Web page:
If you’ve ever tried searching for past tweets online, you’ve probably found it incredibly frustrating and ultimately futile. That changes today.
On Tuesday, Twitter announced that it now indexes all public tweets dating back to its founding in 2006. Prior to this, the social network’s search engine was more in line with Twitter’s mission to document events in real time, and therefore confined results to tweets published in the last week. The new functionality will open up Twitter’s entire eight-year archive for search, roughly half a trillion tweets in all–more than 100 times more than the real-time index. The company expects this number to grow by several billion tweets each week.
“The full index is a major infrastructure investment and part of ongoing improvements to the search and discovery experience on Twitter,” Yi Zhuang, who helped lead this project, said in a blog post.
Twitter worked on the project in stages, first building a “small historical index” of about 2 billion top tweets in 2012, which it expanded by “an order of magnitude” the following year. The indexing project is especially important given Apple’s purchase of social analytics firm Topsy earlier this year. Topsy was previously the only service offering a full Twitter index search, but in the hands of Apple, its fate is uncertain.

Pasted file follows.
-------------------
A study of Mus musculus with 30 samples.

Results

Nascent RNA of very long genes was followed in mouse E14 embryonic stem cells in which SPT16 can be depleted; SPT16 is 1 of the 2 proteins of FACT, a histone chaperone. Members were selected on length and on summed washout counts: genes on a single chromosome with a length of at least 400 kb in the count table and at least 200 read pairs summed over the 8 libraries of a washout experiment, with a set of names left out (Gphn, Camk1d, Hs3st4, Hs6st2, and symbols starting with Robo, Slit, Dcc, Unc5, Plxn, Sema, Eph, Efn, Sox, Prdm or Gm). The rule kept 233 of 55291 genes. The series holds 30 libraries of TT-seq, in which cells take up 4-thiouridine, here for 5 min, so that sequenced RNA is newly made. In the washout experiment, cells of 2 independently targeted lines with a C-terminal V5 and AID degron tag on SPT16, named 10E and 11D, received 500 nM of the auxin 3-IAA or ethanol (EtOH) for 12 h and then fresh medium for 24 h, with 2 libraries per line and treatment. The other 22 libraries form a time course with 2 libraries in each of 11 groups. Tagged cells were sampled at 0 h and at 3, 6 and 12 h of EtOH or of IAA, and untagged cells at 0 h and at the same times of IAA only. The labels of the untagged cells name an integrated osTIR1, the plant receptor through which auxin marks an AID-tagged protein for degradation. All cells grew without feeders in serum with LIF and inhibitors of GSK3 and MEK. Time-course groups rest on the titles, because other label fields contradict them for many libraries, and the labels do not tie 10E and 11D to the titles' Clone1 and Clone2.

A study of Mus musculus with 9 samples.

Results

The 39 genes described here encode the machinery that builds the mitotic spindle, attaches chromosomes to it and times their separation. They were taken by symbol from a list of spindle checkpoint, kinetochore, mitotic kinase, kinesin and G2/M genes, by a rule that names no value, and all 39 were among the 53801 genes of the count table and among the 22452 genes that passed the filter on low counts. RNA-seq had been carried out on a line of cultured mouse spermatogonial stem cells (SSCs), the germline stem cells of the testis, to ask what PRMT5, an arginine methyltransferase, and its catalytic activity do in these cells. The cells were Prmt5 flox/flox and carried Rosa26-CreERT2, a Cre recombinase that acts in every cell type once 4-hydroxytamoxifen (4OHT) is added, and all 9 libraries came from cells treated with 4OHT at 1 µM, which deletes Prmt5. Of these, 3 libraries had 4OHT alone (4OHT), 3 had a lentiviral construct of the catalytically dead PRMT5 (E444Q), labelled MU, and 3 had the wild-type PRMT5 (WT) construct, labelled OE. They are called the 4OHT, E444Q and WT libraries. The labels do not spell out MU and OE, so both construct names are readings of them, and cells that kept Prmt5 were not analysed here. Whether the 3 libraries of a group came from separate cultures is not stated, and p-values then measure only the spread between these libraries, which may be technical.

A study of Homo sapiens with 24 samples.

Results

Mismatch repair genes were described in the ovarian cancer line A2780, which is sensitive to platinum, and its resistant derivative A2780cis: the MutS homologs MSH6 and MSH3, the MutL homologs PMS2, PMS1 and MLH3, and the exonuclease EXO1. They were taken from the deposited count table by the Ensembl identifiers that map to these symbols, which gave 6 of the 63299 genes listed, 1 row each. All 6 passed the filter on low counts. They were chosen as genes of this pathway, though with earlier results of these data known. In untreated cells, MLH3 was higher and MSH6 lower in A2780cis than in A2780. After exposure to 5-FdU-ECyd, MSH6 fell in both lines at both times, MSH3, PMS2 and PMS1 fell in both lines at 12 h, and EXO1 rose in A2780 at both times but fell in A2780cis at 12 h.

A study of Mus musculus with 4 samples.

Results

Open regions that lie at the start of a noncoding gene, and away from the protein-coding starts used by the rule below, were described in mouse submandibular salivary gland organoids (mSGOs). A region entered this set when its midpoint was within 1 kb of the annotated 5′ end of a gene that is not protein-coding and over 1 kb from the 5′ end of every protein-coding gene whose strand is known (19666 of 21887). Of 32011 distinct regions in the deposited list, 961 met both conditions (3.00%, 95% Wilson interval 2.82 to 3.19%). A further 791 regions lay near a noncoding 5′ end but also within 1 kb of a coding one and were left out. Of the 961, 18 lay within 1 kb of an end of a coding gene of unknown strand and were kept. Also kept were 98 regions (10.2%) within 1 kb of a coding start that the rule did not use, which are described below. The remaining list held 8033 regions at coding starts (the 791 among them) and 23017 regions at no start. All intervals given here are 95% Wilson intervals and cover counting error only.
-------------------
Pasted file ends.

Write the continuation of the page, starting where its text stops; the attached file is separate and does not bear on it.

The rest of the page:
Historical tweets will show up under the “All” search results tab on Twitter’s desktop, iOS, and Android interfaces; eventually, they’ll show up in the top search results as well. Though this was a big project for Twitter, there’s more work ahead for the company: According to Zhuang, their next projects will include optimizing tweets for smart caching.